Superb lyrebirds move to the music

Jun 06, 2013
When male superb lyrebirds sing, they often move their bodies to the music in a choreographed way, say researchers who report their findings in the Cell Press journal Current Biology on June 6. The findings add to evidence from human cultures around the world that music and dance are deeply intertwined activities. Credit: Alex Maisey

When male superb lyrebirds sing, they often move their bodies to the music in a choreographed way, say researchers who report their findings in the Cell Press journal Current Biology on June 6. The findings add to evidence from human cultures around the world that music and dance are deeply intertwined activities.

"Like humans, male superb lyrebirds have different to go with different songs," said Anastasia Dalziell of Australian National University. "Just as we 'waltz' to waltz music but 'salsa' to salsa , so lyrebirds step sideways with their tail spread out like a veil to one song—which sounds like a 1980s video-arcade game—while they jump and flap their wings with their tail in a mohawk position while singing a quiet 'plinkety-plinkety-plinkety.'"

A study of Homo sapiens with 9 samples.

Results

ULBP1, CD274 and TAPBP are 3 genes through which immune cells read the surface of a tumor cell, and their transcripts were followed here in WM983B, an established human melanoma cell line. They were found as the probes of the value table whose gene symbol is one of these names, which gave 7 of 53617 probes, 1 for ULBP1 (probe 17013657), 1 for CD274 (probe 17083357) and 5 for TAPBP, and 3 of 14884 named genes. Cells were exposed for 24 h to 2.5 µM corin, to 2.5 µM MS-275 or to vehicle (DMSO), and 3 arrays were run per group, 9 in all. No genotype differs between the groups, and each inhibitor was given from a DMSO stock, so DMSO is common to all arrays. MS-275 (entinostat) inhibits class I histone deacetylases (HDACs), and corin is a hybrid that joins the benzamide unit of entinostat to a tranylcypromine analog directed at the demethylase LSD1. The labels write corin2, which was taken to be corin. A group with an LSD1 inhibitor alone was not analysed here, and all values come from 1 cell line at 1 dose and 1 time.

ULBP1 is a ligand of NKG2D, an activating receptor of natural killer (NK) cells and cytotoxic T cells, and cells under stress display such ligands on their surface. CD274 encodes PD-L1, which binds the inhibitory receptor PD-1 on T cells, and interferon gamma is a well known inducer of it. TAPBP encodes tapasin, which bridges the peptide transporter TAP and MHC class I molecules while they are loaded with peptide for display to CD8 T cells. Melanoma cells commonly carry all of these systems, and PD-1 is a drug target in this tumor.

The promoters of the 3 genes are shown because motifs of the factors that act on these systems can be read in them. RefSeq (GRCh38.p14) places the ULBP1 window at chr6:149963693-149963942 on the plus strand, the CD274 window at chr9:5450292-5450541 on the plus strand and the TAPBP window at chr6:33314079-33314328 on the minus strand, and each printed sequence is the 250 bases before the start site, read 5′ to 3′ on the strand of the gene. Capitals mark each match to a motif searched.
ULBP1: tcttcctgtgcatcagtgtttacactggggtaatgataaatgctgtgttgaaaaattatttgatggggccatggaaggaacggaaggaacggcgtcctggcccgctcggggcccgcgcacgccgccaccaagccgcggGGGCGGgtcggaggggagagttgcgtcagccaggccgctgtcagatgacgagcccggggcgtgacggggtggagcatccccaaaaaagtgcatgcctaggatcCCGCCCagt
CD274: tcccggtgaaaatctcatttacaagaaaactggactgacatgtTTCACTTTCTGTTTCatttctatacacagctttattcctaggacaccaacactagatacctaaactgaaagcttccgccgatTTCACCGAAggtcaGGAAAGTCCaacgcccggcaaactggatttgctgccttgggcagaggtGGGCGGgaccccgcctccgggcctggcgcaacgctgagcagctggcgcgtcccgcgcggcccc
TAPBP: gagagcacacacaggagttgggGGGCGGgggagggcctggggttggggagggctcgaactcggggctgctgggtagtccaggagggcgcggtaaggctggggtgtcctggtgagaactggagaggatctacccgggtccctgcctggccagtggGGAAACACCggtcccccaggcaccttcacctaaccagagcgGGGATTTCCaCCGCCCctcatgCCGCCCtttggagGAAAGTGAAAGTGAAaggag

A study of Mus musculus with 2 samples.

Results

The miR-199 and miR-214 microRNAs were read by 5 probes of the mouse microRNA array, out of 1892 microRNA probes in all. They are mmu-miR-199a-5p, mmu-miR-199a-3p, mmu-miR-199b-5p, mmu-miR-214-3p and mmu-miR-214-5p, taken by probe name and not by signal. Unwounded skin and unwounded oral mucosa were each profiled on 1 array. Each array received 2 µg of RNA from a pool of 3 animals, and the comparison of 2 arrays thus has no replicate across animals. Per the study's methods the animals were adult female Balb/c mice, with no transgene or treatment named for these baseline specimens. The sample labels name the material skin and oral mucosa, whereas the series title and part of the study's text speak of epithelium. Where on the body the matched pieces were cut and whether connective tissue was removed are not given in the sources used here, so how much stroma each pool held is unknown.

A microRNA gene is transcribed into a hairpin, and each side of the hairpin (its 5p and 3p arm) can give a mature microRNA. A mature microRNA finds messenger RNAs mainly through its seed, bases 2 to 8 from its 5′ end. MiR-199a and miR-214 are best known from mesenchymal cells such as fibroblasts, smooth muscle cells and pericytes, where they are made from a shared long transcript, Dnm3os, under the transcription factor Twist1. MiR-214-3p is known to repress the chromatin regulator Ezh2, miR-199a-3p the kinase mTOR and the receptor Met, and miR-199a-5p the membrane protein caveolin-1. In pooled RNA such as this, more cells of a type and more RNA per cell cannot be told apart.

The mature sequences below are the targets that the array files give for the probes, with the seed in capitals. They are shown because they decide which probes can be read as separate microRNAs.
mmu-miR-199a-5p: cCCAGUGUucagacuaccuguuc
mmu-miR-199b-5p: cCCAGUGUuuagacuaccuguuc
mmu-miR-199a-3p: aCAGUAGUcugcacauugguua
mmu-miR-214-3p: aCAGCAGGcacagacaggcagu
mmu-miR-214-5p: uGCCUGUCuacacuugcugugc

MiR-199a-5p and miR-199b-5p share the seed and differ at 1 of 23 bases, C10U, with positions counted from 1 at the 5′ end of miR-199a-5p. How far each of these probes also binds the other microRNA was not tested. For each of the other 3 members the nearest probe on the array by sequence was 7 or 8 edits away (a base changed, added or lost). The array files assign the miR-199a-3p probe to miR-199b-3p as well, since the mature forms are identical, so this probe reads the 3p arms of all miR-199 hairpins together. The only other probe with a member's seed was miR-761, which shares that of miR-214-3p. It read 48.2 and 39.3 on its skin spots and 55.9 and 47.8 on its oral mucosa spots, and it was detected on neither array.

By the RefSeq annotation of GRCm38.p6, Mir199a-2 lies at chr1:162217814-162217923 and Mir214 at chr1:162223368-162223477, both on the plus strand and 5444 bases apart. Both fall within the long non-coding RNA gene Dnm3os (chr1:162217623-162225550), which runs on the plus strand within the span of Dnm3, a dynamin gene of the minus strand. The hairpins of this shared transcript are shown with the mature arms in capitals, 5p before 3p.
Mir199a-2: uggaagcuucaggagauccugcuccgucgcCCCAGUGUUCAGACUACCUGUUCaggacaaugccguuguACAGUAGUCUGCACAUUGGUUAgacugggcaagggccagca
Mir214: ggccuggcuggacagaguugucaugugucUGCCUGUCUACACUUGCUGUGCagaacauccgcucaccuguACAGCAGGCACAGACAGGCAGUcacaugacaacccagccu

The lyrebirds' movements are a voluntary embellishment to their singing; in other words, they can and do sing without dancing. Sometimes they also make mistakes in their dancing, an observation that suggests to Dalziell and her colleagues that dancing is challenging for the birds, just as it is for us humans (some more than others).

When male superb lyrebirds sing, they often move their bodies to the music in a choreographed way, say researchers who report their findings in the Cell Press journal Current Biology on June 6. The findings add to evidence from human cultures around the world that music and dance are deeply intertwined activities. Credit: Alex Maisey

As much as people love to dance, the activity is even more crucial for the birds. Before they can mate, males must impress with their dancing skills. They put a lot of work into their dances, with years of practice before they reach maturity.

In the breeding season, female lyrebirds will visit several different males to watch their song-and-dance routines. Exactly what those females are looking for is still anyone's guess.



1 / 5 (3) Jun 06, 2013
The lyre bird that was in the Adelaide Zoo, used to mimic cameras, video cameras, children, other bird calls, a jack hammer and anything else that took his fancy.

Sadly he died of old age at over 30 years old.